Thank you and congratulations for accepting the request to review a JFP submission. Your work will improve the functional programming community, and it will provide you with an opportunity to broaden your horizon. If this is your first journal review (or if you have never received any advice on how to review journal submissions), here are some basic points.
For notes on the revision cycle, see further down.
- The editor chose you for your expertise and your relationship to the "research neighbourhood" of the author(s). You know the area either as an insider (e.g., a member of the Haskell research community) or as a well-informed outsider (e.g., someone who conducts research on static analysis and is aware of Haskell's results in this direction). And the editor wishes to get your judgment from your perspective.
- Your task is to ensure that the submission satisfies a basic level of quality. The submission ought to make a significant contribution that is interesting beyond the neighbourhood of the authors; the results "feel" correct; the presentation is readable and accessible to a well-trained PhD student outside the neighbourhood of the authors; and the authors have put in the care and polish that suggests they wish to give their best.
- Read the submission, reflect, and then write a report to the editor. Concisely summarize your understanding of the submission's content, and use it to articulate your "big picture" evaluation. For perfect submission, you need a single paragraph for the latter; ordinarily, the evaluation must bring across how you think the submission lives up to the above quality standards. If you have time, add a list of page-by-page observations or suggestions. Use polite language. Avoid "you" or "the authors" in the report unless you really wish to address the authors directly. Do __not__ include a final recommendation (accept, reject, etc) in the report. Use MC's radio box instead or use the "confidential comments to the editor" text box when you upload your review.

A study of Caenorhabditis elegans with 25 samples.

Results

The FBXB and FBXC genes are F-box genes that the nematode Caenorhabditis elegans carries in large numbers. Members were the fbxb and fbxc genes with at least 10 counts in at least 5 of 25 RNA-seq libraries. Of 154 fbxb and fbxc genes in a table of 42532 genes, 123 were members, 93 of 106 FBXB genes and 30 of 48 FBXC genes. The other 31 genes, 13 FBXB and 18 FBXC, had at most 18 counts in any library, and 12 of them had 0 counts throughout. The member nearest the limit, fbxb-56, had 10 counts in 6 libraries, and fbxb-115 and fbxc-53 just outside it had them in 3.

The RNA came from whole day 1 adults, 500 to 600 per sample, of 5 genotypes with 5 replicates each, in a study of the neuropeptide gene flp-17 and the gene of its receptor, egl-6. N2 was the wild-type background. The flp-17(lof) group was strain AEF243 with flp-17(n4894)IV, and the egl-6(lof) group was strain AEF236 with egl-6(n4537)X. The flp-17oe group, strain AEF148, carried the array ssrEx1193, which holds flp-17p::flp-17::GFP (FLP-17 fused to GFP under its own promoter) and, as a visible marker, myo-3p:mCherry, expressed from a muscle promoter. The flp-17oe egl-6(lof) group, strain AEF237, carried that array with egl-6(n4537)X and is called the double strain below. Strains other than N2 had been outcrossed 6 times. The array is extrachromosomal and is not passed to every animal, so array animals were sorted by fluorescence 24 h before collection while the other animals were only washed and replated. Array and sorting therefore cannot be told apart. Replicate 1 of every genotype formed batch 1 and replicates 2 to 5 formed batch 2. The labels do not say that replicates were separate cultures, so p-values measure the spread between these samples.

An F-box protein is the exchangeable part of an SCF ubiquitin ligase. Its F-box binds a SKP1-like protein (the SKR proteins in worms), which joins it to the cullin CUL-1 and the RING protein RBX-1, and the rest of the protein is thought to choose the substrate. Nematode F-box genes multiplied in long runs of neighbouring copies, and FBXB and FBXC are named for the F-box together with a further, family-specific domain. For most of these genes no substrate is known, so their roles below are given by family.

- While the editor needs your judgment (and that of your colleagues), your report is also for the authors. The ideal report helps the authors improve the submission so that it is worthy to appear in JFP or in another journal, or it explains why the result is not worth improving.
- Some answers to questions you might have now: TIME: Spend enough time reading and reflecting to make an informed judgment. A journal does not suffer from the time constraints of unrefereed, selective conferences. But if you consider the submission a boring result or a bad match, spend just enough time to explain why in your review. EFFORT: Write well to make sure you get your insights across. Set an example with your report, especially if your judgment is negative. CONFLICTS: Inform the editor of any ethical concerns immediately. This includes conflicts of interests, personal conflicts with an author, or overlap in research (you have been working on the same/closely related result).
A managing editor may choose to (1) accept a paper, (2) request revisions, or (3) reject a paper. MC will BCC you on the decision letter so that you find out what happened and have anonymous access to the write-ups of the other reviewers.
In case (2), the authors have a limited amount of time to improve the paper, usually via editing prose, occasionally via new research, e.g., fixing a proof, running additional benchmarks. Once the authors submit their revised version, MC assigns it the same number as before PLUS a suffix: R1 for the first revision, R2 for the second, and so on. By default, MC assigns the same managing editor and those reviewers who have declared their willingness to inspect the revision.
When you review a revision, you ought to read the entire paper again with a special focus on those spots that your review marked up as questionable before. The authors are expected to provide a covering letter explaining how the paper has been revised, so you should not have to work hard to discover this. Your review may simply state "this revision takes care of all my complaints" or you may point to previous complaints like this "the revised paper still does not address reviewer 2's point about theorem 42 and the benchmark suites in section 17." The decision letter for the original manuscript shows you how your review was listed.
You may also wish to inspect how the authors addressed the complaints of other reviewers. If you wish to point out problems, use the same neutral language as above: "the revised paper still does not address reviewer 1's point about the possibilities of unicorns ruining the cooling system of the benchmark machines."